At the start of a new year one of the many resolutions people, including Mark Zuckerberg, often make is to read more books. Following in that vein I have decided to share the titles that will kick off my reading journey in 2015.
I certainly won't be aiming to complete a book a week. I, like most individuals, will leave such lofty ambitions to non existent fantasy versions of ourselves. Instead I will to stick to a more realistic target of 3 over the course of a month.
What follows below is my selection. These lucky three books were published in 2014 and are well worth the read.
Zero to ONE
Written by Peter Thiel with the help of notes from Blake Masters this book tries to instruct us on what it takes to grow a new business from scratch.
Apparently the book owes its genesis to concepts delivered by Thiel for a 2012 startup course at Standford University. It tries to avoid being yet another Lean Startup manuscript. Alternatively it presents a framework regarding how to go about creating something entirely new. Going from 0 of something to the very first 1.
All the wisdom bestowed is likely not applicable to every situation. Nevertheless, the book has garnered lots of attention. The reviews are generally favourable and readers like Steve Frank are satisfied. I'm curious and it certainly is worth the time to find out how good the advice really is for yourself. Find out where to buy or order the book at zerotoonebook.com or get Amazon title Zero to One: Notes on Startups, or How to Build the Future.
You may see this as a more technical pursuit but writers, web designers, IT experts, marketers and even Grandmothers occasionally need to tweak something. At times it will be better and cheaper to take a stab at it yourself rather than wait for a professional. Fine tuning these days requires digging a little deeper and inevitably knowing some programming will help. The background knowledge has never been easier to attain. Online courses abound but so do good books on the subject. This is one such book.
CAPITAL in the Twenty-First Century
Thomas Piketty may have chosen to reject the prestigious Legion D'Honneur award. Even so, that didn't stop Krugman from thinking that this is the most important economics book of 2014 and probably the decade.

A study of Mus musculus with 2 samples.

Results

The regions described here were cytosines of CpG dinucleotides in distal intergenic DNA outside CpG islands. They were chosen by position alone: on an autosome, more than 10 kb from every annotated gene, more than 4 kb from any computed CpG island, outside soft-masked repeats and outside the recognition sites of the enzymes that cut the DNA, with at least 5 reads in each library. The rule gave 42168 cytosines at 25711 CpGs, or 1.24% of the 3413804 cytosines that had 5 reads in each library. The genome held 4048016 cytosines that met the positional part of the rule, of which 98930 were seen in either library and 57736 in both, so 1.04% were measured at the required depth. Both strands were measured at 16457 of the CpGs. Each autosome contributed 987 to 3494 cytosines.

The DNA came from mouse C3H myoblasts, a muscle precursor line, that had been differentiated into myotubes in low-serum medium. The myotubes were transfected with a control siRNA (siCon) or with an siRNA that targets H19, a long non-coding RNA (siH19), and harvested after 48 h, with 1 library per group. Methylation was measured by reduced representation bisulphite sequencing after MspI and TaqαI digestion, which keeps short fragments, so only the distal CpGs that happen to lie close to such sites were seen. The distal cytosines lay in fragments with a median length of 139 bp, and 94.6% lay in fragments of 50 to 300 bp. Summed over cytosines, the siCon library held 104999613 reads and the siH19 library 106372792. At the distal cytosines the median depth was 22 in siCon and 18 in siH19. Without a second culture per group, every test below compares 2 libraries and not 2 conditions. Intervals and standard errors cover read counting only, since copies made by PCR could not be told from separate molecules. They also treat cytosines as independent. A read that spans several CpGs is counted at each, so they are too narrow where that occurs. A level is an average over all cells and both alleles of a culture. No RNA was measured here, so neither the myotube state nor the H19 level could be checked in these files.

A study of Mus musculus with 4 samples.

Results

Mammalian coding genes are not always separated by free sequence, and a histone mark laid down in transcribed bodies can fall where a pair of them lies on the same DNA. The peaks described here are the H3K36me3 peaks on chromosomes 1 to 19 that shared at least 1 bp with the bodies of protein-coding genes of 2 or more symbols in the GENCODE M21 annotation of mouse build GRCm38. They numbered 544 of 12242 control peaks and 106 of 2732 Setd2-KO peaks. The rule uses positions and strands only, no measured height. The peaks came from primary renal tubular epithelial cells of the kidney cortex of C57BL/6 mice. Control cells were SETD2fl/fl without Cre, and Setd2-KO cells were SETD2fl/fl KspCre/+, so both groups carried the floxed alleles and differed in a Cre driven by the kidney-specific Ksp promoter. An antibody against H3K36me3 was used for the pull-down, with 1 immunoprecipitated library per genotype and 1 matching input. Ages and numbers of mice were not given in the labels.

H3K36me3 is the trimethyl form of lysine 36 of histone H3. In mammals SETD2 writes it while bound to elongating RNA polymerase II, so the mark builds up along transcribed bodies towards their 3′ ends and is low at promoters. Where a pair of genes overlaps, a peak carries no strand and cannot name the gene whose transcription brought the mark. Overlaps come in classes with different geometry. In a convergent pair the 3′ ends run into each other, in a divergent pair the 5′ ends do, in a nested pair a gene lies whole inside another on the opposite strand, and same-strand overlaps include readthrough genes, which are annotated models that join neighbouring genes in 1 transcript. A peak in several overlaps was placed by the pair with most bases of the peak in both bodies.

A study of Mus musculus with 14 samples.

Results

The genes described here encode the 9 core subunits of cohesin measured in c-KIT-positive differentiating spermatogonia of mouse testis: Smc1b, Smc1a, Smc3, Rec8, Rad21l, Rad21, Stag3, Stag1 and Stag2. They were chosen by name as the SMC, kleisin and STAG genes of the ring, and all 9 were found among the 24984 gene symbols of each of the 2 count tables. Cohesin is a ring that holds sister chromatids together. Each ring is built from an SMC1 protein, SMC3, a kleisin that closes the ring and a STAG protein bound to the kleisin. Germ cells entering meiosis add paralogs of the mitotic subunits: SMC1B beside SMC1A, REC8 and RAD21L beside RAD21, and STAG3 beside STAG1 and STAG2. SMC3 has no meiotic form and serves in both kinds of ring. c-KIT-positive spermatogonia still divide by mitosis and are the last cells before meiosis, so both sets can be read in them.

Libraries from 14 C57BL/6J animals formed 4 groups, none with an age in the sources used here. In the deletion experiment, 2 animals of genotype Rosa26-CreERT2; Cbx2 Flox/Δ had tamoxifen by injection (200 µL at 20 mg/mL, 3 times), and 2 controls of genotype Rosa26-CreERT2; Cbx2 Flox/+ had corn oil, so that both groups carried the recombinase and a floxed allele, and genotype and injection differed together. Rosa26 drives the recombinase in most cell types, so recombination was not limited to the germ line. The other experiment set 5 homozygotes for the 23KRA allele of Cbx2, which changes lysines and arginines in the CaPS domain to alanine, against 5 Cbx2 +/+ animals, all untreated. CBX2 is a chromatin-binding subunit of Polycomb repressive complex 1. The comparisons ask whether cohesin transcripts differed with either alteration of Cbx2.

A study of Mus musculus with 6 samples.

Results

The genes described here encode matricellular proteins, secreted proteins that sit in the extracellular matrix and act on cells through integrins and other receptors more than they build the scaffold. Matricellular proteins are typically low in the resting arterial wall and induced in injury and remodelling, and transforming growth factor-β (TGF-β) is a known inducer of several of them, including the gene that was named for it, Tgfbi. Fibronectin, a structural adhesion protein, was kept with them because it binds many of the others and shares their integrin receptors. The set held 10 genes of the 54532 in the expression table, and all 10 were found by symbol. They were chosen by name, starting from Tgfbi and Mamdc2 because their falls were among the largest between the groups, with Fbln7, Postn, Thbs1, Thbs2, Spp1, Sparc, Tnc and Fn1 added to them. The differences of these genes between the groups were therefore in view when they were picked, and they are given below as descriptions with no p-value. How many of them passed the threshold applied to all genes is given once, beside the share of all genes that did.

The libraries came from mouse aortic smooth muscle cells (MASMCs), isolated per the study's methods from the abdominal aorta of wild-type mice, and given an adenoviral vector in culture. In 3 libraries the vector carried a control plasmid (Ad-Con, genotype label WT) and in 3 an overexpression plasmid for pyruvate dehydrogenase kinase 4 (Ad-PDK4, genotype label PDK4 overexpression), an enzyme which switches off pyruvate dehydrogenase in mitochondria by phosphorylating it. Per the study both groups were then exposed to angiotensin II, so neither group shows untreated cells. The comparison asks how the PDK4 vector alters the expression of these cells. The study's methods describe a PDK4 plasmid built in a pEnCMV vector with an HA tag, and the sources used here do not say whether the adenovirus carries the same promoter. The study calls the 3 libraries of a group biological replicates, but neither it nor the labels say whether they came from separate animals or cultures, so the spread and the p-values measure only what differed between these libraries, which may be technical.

Some of the ideas expoused may have a distinctly socialist tendacy but they are based on facts and well reasoned. Governments doing income redistribution is not popular and some attempts such as France's terrible 75% tax scheme are scary and disasterous.
There is no doubt that the growing disparity between the haves and the have nots is one of the most important challenges being tackled in our time. The shift in the world's resources to the 1% is astounding and Piketty makes us pause to evaluate if it's more than luck and hard work. Unfortunately, the perpetuation of systematic imbalances may be in the mix. The deficiencies are glaring but caution is still the name of the game. Let's be careful with the corrective action to ensure that we miss the potential pitfalls of the fix.
This book has received criticism and is equally praised and despised. I agree with Bill Gates that you won't get wealthy sitting on your laurels or collecting rent for that matter.
Take a look at the Forbes 400 list of the wealthiest Americans. About half the people on the list are entrepreneurs whose companies did very well (thanks to hard work as well as a lot of luck). Contrary to Piketty’s rentier hypothesis, I don’t see anyone on the list whose ancestors bought a great parcel of land in 1780 and have been accumulating family wealth by collecting rents ever since.
But even he admits that "Capital" is well worth the read. Check out this summary if diving in seems too heavy. You may even end up buying the book Capital in the Twenty-First Century.